This article is part of Concentrate's Voices of Youth series, which features content created by Washtenaw County youth in partnership with Concentrate staff mentors, as well as feature stories by adult writers that examine issues of importance to local youth. In this installment, student writers Thylicia Babumba and Ella Yip interview several of their peers about their intersectional identities. These interviews originally appeared as part of a takeover of Concentrate's Instagram.
Hello, we are Ella and Thylicia, two high school students working with Concentrate Media’s Voices of Youth project. We believe this project is important because we need to shine a spotlight on the unique and complex identities in the youth of today. We strive to celebrate the beautiful ways that identity comes together in our peers.
We want to remind readers all identities shared are unique to the person, and the shared story does not speak for everyone who has that identity.
Please be respectful and courteous when reading these stories. Take your time to read and enjoy!
"So for a long time, over the past few years, I've been not feeling Indian enough, or Asian enough, or stuff like that. A lot of the Indian people in Ann Arbor were born in India, and then moved here, and they know the language. They grew up in the culture, but my parents are not super traditional. So I just never felt like I could fit in with them. But then, the white people here, it's a little bit too white. So I kind of have to find a balance, and be able to figure out myself, and be okay with who I am before I could do other stuff. And then it's just a constant struggle with me, because I don't know what happens if I get married to a girl. Am I just not gonna have my
grandparents there? I think the best way I could possibly celebrate my identity is by not trying to suppress it. So I just live my life."
- Isha, a bisexual Indian woman.
"I think the struggle is obviously with the oppressive people and society around you, but, more importantly, with yourself. I’ve struggled a lot with just accepting that I won’t get to be what cisgender people are, or that I’ll never assimilate into American society the way a white person could. It’s also scary to think about the rest of your life when you’re in not just one, but several marginalized groups. What will society allow me to do as a non-binary, Vietnamese person? It’s hard to come to terms with these internal conflicts, and be able to sit back and go, 'this is me, and it’s not my fault that this is who I am.' I think you just get to a point where you, as a person, realize there isn’t really anything you can do anymore."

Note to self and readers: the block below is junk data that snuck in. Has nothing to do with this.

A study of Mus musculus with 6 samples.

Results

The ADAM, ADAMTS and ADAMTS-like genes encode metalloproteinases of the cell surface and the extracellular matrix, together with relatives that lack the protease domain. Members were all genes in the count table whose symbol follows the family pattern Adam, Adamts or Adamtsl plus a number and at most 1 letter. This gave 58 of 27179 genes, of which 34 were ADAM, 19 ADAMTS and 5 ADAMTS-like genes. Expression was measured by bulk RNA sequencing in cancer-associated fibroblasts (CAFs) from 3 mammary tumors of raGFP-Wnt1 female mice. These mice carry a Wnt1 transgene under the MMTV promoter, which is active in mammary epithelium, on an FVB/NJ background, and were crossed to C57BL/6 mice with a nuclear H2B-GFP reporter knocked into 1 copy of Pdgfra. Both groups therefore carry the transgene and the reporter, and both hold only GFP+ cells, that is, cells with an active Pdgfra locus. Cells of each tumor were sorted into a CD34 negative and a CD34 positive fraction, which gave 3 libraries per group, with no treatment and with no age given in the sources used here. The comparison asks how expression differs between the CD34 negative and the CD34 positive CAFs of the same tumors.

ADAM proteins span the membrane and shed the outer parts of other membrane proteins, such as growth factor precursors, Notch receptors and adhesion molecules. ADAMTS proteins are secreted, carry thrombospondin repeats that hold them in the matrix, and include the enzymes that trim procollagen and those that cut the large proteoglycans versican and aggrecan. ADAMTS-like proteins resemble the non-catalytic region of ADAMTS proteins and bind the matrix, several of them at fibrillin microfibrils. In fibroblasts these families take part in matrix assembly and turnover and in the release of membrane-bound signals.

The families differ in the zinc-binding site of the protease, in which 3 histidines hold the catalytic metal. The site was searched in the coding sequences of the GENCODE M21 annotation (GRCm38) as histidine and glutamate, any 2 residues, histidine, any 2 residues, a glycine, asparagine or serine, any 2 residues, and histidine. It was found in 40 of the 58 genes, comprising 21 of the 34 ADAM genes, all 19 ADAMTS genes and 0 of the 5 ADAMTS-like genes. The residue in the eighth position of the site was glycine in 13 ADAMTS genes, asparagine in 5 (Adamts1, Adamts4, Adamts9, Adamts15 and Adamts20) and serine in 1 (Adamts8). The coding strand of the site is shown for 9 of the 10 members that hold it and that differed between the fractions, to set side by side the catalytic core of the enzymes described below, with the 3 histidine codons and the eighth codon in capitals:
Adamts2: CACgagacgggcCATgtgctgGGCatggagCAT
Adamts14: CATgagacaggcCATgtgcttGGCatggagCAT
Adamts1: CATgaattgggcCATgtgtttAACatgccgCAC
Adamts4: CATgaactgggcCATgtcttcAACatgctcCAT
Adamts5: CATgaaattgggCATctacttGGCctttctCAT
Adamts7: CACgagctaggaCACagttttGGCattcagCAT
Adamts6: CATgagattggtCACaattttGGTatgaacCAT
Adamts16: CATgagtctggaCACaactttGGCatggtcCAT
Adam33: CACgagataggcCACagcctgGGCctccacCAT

- Salem, a Vietnamese-American, lesbian, trans, non-binary person.
"There are certain aspects of my identity that I like, mostly related to my race (culture, language, food, etc.), but the majority of my identity is just me not having a good time. Because my parents are first-gen immigrants, they're pretty closed-minded on topics that are taboo in Korea – gender and sexuality being two of them. So, naturally I'm almost completely closeted at home, meaning there's not that much stuff I can do about dysphoric tendencies, or just generally feeling gross. The process of figuring out these aspects of my identity was kind of just a matter of leaving it alone and letting it do its own thing. I never had a big epiphany. It was just realizing that not everyone felt the way I did about myself."
- an anonymous queer, trans, Korean person.
"I love that I’m part of such a rich, historical ancestry. Unfortunately, because I’m African-American, I’m part of the group of people who don’t exactly know what country they’re from. But this led to us creating our own culture here in America. Of course I struggle with common stereotypes. It’s hard to be myself in any or all situations, but as a Black person that will always and forever be Black, I have to find my peace with it. I also struggle with my Latino side, as I don’t speak Spanish very well. I celebrate my identity by participating in pride and events such as Juneteenth, and be myself completely whenever it’s safe to do so."
- Marquece, a "No Sabo," Afro-Latino, aromantic, and asexual person.
"I enjoy the sense of community and support from others who identify similarly, as well as the fact I feel a lot more comfortable with who I am now then in the past because of that. Being gay and religious, and coming from a culture that really shames being gay or just different, it’s been really conflicting for me because, as much as I love my culture, it makes it so hard to accept who I am. I have come to terms with it because I can’t change who I am, as much as I would’ve wanted to, and I think I’m happier just accepting that I can't change no matter what I’m told."
- an anonymous Arab-American, lesbian woman.
Ella Yip and Thylicia Babumba are both rising sophomores at Huron High School in Ann Arbor.
Concentrate staffer Chrishelle Griffin served as Ella and Thylicia's mentor on this project.
To learn more about Concentrate's Voices of Youth project and read other installments in the series, click here.